A security threat to an FBI agent in 1997 and concerns over US cooperation with Cambodia put a grenade attack investigation on hold, according to recent media reports.
The agent, Tom Nicoletti, was sent to Cambodia to look into the attack, on an opposition rally, which killed sixteen people and wounded more than 100 others, including an American citizen.
Nicoletti, who is now retired, told the English-language Cambodia Daily that by the time he left Cambodia, the evidence he had collected was not up to US standards for prosecution. He had planned to return, he said in e-mails to the newspaper, but an unfavorable situation in the country prevented it.
Nicoletti said he had been pulled out of Cambodia for fear he may be the target of attacks for his investigation, which pointed toward possible collusion in the attack on opposition leader Sam Rainsy by members of then-second prime minister Hun Sen’s bodyguard unit.
The FBI produced nine sketches of three suspects, including Kong Samrith, also known as Brazil. In a report released to the Cambodian Daily following a Freedom of Information request, the FBI said its investigation had been hampered and that agents had difficulty discerning which witnesses were telling the truth.
One witness told FBI investigators he saw a line of Hun Sen bodyguards allow two grenade-throwers to pass as they fled the carnage of the scene in front of Wat Botum, near what was then the National Assembly building.
The witness “pursued but was prevented from heading towards the wat and nearby CPP headquarters,” according to the report. “As he turned, he was kicked by the soldiers and knocked to the ground.”
However, in another interview, one of Hun Sen’s bodyguards gave a different account, according to recordings posted on www.cambodiagrenade.info. In an interview with another investigator in the case, Peter Hoffman, the bodyguard denied such an incident took place.
“When the grenade throwers were running toward your position, how many people were chasing them?” Hoffman asked the unnamed witness, who answered through a translator.
“I have no intention to count how many people [were] chasing the throwers, and I have no knowledge that those people were the grenade throwers,” the witness replied.
“Do you have good eyesight?” Hoffman asked.
“No, no problem with the eyes. The reason is that there are a lot of demonstrators.”
“So three or four people throw grenades into a crowd,” Hoffman asked, “and you didn’t see anything?”
“I see nothing.”
Ultimately, the FBI investigation became inactive and failed to identify the perpetrators.
“The Cambodian police could finish the investigation any time they want,” said Brad Adams, Asia director of Human Rights Watch. “They would have sufficient information in their files. They just choose not to do it. Maybe because they don’t want to do it, and maybe because they are afraid of Hun Sen.”
Khieu Sopheak, a spokesman for the Ministry of Interior, denied police were unwilling to pick up the case.
“We lost track when we lost Brazil,” he said, referring to one of the suspects. “At the time, it was chaotic, and Brazil died for no reason in a camp of a political party that I prefer not to name.”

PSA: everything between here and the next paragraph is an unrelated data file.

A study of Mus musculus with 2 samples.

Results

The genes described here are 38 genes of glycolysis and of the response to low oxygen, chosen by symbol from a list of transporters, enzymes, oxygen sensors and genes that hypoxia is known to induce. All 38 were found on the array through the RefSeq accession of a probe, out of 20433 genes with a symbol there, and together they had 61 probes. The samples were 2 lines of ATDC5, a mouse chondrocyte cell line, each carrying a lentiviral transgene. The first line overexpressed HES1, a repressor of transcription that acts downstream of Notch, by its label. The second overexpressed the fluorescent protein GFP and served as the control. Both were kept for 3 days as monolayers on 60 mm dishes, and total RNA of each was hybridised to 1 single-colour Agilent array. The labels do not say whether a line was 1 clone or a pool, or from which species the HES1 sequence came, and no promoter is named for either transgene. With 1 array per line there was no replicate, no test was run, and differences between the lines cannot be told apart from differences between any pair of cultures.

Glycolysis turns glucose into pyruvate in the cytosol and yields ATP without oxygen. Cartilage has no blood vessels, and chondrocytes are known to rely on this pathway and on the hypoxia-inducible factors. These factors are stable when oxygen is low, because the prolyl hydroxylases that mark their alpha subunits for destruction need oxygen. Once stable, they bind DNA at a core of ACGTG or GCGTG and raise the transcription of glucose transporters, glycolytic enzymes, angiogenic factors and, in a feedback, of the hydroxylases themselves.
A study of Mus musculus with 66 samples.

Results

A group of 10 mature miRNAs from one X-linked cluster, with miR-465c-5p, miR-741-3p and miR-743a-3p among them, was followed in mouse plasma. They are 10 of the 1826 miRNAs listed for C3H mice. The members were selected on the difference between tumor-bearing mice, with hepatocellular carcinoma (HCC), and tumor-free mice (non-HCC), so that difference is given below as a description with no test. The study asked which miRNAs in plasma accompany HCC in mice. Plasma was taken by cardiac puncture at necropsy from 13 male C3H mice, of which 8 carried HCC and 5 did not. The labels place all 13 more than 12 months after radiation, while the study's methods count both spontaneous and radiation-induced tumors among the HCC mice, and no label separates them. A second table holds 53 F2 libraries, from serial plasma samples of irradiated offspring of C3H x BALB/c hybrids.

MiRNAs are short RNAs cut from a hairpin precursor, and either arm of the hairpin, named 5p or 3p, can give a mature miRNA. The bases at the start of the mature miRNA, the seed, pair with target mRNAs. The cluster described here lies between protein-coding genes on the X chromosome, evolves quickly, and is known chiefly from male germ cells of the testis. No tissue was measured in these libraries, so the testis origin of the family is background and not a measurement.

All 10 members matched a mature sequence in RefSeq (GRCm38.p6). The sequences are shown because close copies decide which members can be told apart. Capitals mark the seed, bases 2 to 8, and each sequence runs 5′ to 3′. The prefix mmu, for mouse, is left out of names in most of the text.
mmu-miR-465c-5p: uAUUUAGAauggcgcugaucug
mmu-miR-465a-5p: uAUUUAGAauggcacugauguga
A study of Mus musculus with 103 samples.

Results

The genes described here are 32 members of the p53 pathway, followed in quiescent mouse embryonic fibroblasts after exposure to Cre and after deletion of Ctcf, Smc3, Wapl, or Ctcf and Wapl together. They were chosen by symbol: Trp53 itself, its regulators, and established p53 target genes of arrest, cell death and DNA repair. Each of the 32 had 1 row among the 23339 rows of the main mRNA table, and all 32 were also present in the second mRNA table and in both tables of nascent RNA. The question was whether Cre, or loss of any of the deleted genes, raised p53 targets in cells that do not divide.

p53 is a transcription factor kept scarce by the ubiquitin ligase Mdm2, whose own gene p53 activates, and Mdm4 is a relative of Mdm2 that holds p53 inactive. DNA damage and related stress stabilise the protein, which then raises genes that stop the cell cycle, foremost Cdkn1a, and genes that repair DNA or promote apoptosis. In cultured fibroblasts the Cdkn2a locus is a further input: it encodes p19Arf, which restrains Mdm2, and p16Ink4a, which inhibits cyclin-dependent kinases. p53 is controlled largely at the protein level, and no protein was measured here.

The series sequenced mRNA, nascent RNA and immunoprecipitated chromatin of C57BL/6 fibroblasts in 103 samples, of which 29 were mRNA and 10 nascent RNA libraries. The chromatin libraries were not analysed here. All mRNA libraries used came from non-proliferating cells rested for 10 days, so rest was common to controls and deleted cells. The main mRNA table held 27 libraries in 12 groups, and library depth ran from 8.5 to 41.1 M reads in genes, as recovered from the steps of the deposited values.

He was referring to bloody street fighting between the Cambodian People’s Party, led by Hun Sen, and Funcinpec, led by Prince Norodom Ranariddh, in a coup that took place months after the grenade attack, July 5 and July 6.
Khieu Sopheak also blamed FBI agent Nicoletti for failing in the case.
“What Tom Nicoletti did was not professional,” Khieu Sopheak said. “He was assigned to conduct the investigation, but could not solve it. Once he concluded a case, he just kept it.”
“The FBI agent was very stupid,” said Mok Chito, who is now head of the criminal police division and was head of Phnom Penh penal police when the attack took place. “He does not know how to investigate. He sometimes listened to other people without knowing [who the subject was]. I remember that in one of its reports, the FBI said I was Hun Sen’s nephew and was chief of municipal police.”
Rights group and families of the victims have insisted that the FBI come back and conclude their investigation to bring those responsible to court.
“I cannot speculate on what the FBI may or may not do in the future regarding this case,” John Johnson, a spokesman for the US Embassy, said in an e-mail. “I can only say that their original investigation was inconclusive and the US Prosecutor’s Office declined to pursue the case.”
He referred further questions to the FBI in Washington, who have not responded to written questions.
The FBI said in its 1997 report a continued investigation could threaten cooperation with Cambodia, but Adams, of Human Rights Watch, said the investigation should be concluded.
“The US doesn’t need Cambodia,” he said. “Cambodia needs the US, and I think the US should remember that. China is an increasing power, but not a superpower, and the US can work with other countries to put pressure on Cambodia to improve its human rights situation, to try to improve governance and dealing with things like corruption and the rule of law.”